With affirmative action under attack and economic mobility feared to be stagnating, top colleges profess a growing commitment to recruiting poor students. But a comparison of low-income enrollment shows wide disparities among the most competitive private colleges. A student at Vassar, for example, is three times as likely to receive a need-based Pell Grant as one at Washington University in St. Louis.
“It’s a question of how serious you are about it,” said Catharine Bond Hill, the president of Vassar. She said of colleges with multibillion-dollar endowments and numerous tax exemptions that recruit few poor students, “Shame on you.”
At Vassar, Amherst College and Emory University, 22 percent of undergraduates in 2010-11 received federal Pell Grants, which go mostly to students whose families earn less than $30,000 a year. The same year, the most recent in the federal Department of Education database, only 7 percent of undergraduates at Washington University were Pell recipients, and 8 percent at Washington and Lee University were, according to research by The New York Times.
Researchers at Georgetown University have found that at the most competitive colleges, only 14 percent of students come from the lower 50 percent of families by income. That figure has not increased over more than two decades, an indication that a generation of pledges to diversify has not amounted to much. Top colleges differ markedly in how aggressively they hunt for qualified teenagers from poorer families, how they assess applicants who need aid, and how they distribute the available aid dollars.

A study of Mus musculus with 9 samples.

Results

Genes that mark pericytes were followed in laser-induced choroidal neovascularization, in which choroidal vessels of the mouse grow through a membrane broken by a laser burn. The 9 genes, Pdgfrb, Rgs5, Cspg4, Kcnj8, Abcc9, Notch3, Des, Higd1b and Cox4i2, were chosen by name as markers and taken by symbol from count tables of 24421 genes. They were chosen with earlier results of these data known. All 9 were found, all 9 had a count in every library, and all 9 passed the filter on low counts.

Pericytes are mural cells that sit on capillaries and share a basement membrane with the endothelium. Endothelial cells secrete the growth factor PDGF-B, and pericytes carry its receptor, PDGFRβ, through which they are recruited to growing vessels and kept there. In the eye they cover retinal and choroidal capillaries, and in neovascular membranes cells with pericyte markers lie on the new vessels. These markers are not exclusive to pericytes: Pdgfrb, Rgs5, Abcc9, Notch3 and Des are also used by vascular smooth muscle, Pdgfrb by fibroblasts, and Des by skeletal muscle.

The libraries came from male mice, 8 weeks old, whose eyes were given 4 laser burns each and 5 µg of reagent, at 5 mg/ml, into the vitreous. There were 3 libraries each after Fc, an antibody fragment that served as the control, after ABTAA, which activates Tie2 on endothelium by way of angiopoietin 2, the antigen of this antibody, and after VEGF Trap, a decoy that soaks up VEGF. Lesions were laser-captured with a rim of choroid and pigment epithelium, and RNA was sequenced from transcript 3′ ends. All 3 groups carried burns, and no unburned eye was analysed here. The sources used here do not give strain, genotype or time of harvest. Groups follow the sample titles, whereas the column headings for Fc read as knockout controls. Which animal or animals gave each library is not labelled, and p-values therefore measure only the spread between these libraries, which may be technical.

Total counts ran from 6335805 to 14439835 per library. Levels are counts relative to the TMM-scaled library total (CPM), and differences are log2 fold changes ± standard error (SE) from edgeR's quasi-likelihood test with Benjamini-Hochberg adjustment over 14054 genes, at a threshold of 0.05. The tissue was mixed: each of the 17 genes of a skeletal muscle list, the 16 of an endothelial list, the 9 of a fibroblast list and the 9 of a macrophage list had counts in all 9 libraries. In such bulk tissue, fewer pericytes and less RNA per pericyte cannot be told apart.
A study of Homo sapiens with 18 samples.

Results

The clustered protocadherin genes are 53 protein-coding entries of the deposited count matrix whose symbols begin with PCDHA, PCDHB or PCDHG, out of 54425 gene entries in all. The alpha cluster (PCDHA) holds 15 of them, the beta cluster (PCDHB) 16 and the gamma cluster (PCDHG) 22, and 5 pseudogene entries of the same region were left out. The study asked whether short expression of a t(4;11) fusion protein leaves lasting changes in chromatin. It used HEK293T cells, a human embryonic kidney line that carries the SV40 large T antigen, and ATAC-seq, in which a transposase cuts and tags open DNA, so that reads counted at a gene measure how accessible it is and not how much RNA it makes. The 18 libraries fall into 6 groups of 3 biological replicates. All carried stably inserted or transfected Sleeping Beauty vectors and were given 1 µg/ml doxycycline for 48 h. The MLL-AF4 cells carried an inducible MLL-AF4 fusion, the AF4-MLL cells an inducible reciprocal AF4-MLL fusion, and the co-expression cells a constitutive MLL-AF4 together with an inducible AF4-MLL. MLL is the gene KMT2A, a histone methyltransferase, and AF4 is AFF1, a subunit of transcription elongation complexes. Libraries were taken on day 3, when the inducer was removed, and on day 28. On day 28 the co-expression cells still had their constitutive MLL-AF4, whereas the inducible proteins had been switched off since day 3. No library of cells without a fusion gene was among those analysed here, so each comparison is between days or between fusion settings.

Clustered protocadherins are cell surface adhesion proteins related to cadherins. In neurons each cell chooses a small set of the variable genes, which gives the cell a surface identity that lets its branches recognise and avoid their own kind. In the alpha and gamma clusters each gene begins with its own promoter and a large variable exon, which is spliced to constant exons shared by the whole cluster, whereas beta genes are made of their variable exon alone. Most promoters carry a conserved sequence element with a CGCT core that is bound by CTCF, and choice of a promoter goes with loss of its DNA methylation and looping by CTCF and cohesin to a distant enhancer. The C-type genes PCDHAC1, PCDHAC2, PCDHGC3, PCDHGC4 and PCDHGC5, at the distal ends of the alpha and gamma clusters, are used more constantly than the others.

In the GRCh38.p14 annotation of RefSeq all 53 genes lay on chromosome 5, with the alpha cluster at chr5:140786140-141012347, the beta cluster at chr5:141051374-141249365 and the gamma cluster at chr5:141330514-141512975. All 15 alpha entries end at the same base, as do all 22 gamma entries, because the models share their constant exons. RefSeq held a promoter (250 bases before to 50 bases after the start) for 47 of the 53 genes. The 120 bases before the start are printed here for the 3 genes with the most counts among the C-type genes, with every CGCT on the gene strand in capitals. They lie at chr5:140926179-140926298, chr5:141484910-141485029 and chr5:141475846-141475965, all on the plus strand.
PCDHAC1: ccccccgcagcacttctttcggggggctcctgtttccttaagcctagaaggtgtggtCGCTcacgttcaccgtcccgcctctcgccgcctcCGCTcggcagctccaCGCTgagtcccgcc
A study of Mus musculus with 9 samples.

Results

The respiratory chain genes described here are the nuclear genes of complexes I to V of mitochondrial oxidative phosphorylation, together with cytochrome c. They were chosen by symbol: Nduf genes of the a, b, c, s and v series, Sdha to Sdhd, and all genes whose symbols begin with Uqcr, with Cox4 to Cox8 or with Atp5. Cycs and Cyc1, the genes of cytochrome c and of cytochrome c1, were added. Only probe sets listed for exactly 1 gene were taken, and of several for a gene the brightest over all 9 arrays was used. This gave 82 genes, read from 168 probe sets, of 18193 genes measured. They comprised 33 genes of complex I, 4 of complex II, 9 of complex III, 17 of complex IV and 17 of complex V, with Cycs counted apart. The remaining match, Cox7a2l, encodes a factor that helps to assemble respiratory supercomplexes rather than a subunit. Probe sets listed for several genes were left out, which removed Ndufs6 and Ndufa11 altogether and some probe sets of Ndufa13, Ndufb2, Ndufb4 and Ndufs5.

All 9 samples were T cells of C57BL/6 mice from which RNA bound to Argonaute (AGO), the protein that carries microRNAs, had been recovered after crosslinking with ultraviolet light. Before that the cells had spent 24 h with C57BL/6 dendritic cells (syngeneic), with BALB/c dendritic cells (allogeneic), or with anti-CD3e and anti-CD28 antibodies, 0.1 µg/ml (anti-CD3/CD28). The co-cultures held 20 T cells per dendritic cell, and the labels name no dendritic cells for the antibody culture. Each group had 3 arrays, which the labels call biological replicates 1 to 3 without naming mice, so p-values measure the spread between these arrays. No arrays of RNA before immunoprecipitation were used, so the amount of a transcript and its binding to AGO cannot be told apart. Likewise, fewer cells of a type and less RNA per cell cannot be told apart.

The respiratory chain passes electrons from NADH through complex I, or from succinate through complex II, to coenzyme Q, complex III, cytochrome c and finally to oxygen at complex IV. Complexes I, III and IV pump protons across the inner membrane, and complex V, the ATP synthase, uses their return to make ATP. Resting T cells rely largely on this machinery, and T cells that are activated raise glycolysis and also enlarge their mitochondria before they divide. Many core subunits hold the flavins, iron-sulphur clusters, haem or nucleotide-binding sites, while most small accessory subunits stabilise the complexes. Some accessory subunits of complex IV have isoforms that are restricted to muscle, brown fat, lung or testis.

Some institutions argue that they do not have the resources to be as generous as the top colleges, and for most colleges, with meager endowments, that is no doubt true. But among the elites, nearly all of them with large endowments, there is little correlation between a university’s wealth and the number of students who receive Pell Grants, which did not exceed $5,550 per student last year.
Related:Travis Reginal and Justin Porter were friends back in Jackson, Miss. They attended William B. Murrah High School, which is 97 percent African-American and 67 percent low income. Murrah is no Ivy feeder. Low-income students rarely apply to the nation’s best colleges. But Mr. Reginal just completed a first year at Yale, Mr. Porter at Harvard. Below, they write about their respective journeys.
Reflections on the Road to Yale: A First-Generation Student Striving to Inspire Black Youth by Travis Reginal:
For low-income African-American youth, the issue is rooted in low expectations. There appear to be two extremes: just getting by or being the rare gifted student. Most don’t know what success looks like. Being at Yale has raised my awareness of the soft bigotry of elementary and high school teachers and administrators who expect no progress in their students. At Yale, the quality of your work must increase over the course of the term or your grade will decrease. It propelled me to work harder.
I do not believe that increasing financial aid packages and creating glossy brochures alone will reverse this trend. The true forces that are keeping us away from elite colleges are cultural: the fear of entering an alien environment, the guilt of leaving loved ones alone to deal with increasing economic pressure, the impulse to work to support oneself and one’s family. I found myself distracted even while doing problem sets, questioning my role at this weird place. I began to think, “Who am I, anyway, to think I belong at Harvard, the alma mater of the Bushes, the Kennedys and the Romneys? Maybe I should have stayed in Mississippi where I belonged.”